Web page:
Throughout her career, Associate Professor Vikki Katz has shown a unique ability to gather data on immigrant families and present it in a way that puts a human face to all all those numbers and statistics. Her next project may be the greatest example yet.
On Sept. 1, 2016, Katz began a yearlong residency at the Russell Sage Foundation as a member of its 2016-17 class of Visiting Scholars. During the year, Katz will write a book — tentatively titled “Family Trials” — based on her extensive research into how immigrant parents who have been accused of child abuse or neglect navigate the family court system in the Bronx, New York.
“I’m really excited about this, not just because it will give me a chance to write a book about a topic I really care about, but also because it allows me to spend a year alongside some of the experts whose work I’ve been reading since I was an undergrad,” Katz said. “It’s a wonderful opportunity, and I’m really very grateful to the Foundation and to Rutgers for their support.”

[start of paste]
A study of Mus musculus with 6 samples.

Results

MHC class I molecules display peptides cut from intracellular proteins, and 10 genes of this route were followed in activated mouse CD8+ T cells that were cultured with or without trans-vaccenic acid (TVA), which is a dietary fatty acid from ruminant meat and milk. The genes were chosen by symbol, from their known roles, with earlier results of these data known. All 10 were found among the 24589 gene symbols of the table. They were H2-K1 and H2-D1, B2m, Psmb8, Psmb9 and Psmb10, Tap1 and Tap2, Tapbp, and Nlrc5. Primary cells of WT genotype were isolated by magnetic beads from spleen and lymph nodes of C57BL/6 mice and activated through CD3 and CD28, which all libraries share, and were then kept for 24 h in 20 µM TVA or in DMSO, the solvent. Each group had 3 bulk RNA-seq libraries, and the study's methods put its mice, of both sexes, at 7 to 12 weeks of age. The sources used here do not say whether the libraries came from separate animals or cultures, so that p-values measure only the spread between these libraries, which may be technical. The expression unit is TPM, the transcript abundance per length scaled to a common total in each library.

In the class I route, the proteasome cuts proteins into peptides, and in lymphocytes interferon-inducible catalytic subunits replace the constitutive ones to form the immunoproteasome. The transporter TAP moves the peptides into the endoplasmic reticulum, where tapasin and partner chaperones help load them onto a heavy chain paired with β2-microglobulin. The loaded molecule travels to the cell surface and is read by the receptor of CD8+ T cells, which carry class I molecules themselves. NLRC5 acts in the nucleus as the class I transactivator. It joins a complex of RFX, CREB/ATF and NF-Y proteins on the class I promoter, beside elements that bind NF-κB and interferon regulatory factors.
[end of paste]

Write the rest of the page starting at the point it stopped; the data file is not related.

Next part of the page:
Wanting to understand what parents’ and children’s everyday experience in the system looks like, Katz interviewed more than 50 families, and then tracked 10 of them through the Bronx Family Court system for 12 to 18 months, conducting nearly 100 formal interviews with parents, children, attorneys, judges, interpreters and social workers in total. She found that the system takes an additional toll on immigrant families.
“I think for a group of parents, i.e., new immigrants, who are already feeling shaky as they navigate a new environment, understanding what family court involves and does to their families is something we need to understand better,” Katz said. “It’s not the most uplifting project I’ve done; it is by far the saddest. But it feels very important.”
The Visiting Scholars program, now in its 30th year, furthers the 109-year-old Russell Sage Foundation’s mission toward “the improvement of social and living conditions in the United States.”